Press Releases and Statements
Benetton supports and promotes Africa for Africans. In partnership with Youssou N’Dour. From February 2008, a new global communication campaign in favour of micro-credit in Senegal
Dakar, 13th February 2008. Benetton puts the spotlight on entrepreneurial Africa. Its global communication campaign for 2008 promotes the Birima micro-credit programme in Senegal, a co-operative credit society founded by the Senegalese singer Youssou N’Dour. The programme will also receive financial support from Benetton Group.
Africa Works – the slogan of the campaign developed by Fabrica – will appear on billboards and in the press throughout the world, from February 2008. It features Senegalese workers who have used micro loans to start small, productive businesses. Photographer James Mollison portrays them with the tools of their trade against a neutral background. They include, amongst others, a fisherman, a decorator, a musician, a jewellery-maker, a farmer, a tailor, two textile sellers and a boxer. These everyday people become tangible symbols of an Africa that uses the dignity of work to fight poverty, promote equitable development, maximise its resources and take back responsibility for creating its future.
Alessandro Benetton, Executive Deputy Chairman of Benetton Group explains the conviction with which Benetton has backed the project: “We chose to support and promote this important project because, unlike traditional acts of solidarity, it offers tangible support to small local entrepreneurs through the efficient use of micro-credit. Precisely because it is based on entrepreneurial talent, hard work, optimism and interest for the future, this project effectively promotes the new face of Africa.”
Youssou N’Dour, one of Africa’s best-known singers and a man committed to humanitarian projects, comments: “my personal experience led me to realise that when a loan, however small, is used to develop an idea or realise a project, it is an effective way of fighting poverty. This is why everybody must understand the value of micro-credit. Africa doesn’t want charity, it wants repayable subsidised loans.”
In addition to outdoor and press advertising, the new Benetton campaign, officially presented today in Dakar, includes a series of projects and events: a special supplement distributed with Colors 73 about money in its myriad forms and substances; a new version of Birima, song recorded by Youssou N’Dour in 2000 and re-arranged by him in 2008 with the extraordinary participation of Patti Smith, Simphiwe Dana, Irene Grandi and Francesco Renga; a videoclip of the song; a cartoon about micro-credit produced specifically for the Senegalese community and African TV channels; a Benetton website devoted to the campaign and its related events and thewww.birima.org portal, both devised and developed by Fabrica. The Africa Works campaign will also be on stage during the Senegalese singer’s world tour, in particular during his concert at Paris Bercy on 5 April 2008.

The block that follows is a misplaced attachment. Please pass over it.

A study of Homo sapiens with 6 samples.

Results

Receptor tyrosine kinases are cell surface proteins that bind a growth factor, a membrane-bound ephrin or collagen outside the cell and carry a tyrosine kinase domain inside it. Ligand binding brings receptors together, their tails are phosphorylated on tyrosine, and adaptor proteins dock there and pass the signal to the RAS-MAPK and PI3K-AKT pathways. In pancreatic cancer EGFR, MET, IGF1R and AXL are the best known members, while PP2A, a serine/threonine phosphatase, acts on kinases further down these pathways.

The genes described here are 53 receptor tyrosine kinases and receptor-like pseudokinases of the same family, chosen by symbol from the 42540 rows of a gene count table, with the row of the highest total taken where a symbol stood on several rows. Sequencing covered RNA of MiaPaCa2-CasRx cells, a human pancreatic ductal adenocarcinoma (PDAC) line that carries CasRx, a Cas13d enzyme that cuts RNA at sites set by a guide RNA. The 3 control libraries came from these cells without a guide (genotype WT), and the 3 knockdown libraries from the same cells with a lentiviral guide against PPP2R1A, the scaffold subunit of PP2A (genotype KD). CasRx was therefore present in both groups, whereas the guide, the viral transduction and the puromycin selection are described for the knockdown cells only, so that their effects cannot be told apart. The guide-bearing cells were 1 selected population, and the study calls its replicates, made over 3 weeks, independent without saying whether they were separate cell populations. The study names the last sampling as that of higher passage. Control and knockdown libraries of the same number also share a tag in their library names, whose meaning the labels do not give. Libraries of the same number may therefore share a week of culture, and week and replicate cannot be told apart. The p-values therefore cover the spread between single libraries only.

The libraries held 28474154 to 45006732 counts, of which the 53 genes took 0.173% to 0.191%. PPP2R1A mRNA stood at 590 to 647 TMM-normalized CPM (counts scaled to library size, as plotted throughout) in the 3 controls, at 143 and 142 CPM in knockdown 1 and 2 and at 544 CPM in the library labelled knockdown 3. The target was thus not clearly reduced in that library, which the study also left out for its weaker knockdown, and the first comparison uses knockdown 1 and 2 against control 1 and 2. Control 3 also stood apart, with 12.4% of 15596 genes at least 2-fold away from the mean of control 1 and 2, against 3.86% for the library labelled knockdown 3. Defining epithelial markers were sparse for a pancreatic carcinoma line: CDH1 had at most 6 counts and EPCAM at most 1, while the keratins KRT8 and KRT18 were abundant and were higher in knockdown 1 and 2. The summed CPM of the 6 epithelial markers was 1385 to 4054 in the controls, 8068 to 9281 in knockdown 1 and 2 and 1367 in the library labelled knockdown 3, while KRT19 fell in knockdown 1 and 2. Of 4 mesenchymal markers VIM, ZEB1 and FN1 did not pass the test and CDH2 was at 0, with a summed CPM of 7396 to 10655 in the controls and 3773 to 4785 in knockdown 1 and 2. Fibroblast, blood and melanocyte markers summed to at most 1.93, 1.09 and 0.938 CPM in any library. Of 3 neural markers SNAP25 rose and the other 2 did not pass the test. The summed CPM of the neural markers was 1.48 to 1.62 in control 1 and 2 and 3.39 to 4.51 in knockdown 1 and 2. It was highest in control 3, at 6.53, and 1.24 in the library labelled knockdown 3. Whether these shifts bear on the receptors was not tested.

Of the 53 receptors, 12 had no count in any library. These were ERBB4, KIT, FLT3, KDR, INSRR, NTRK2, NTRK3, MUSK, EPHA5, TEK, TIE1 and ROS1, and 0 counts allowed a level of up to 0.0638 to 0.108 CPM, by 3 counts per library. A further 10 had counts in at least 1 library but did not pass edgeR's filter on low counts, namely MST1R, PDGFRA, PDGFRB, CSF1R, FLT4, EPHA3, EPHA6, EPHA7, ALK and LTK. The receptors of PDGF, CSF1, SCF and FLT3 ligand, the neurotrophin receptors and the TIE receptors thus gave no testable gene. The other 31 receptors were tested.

Birima, N’Dour’s co-operative credit society, offers financial services for SMEs, craftspeople, professionals and artists to help them start and independently develop their business. Apart from being the title of one of the singer’s international successes, Birima is the name of a legendary king of Senegal who, speaking to his people only once a year, became a symbol of the value of keeping one’s word, of a moral code reflected in the credit society’s key tenet: those who ask for a loan need offer no other security than their word and the good name of their family.
Confidently based on Africa’s traditional, deep-rooted principles of honour and dignity, Birima looks to the future of the continent and responds to its increasing need for funding. Compared to normal micro-crediting, Birima grants higher loans for a longer period of time provided the submitted project has a positive effect on the community and can guarantee profits and development. Senegal was chosen for the pilot project because it is one of the most stable African countries, albeit with significant differences in income among the population. From Senegal, Birima’s style of advanced credit will be gradually exported to other African nations.
Core concepts of Benetton’s advertising are reiterated in this new campaign. By supporting and promoting a fund to finance work in Senegal, Benetton underlines the importance of co-operating with organisations dedicated to solidarity. At the same time, the campaign emphasises how the commitment of a single person can put the wheels in motion to generate change in society as a whole. These ideas were highlighted in the Volunteers in Colors campaign in 2001, produced with United Nations Volunteers for the International Year of Volunteers, in 2003 in the Food for Lifecampaign with the World Food Programme, and again in 2004 in the campaign for the protection of the great primates, James & Other Apes.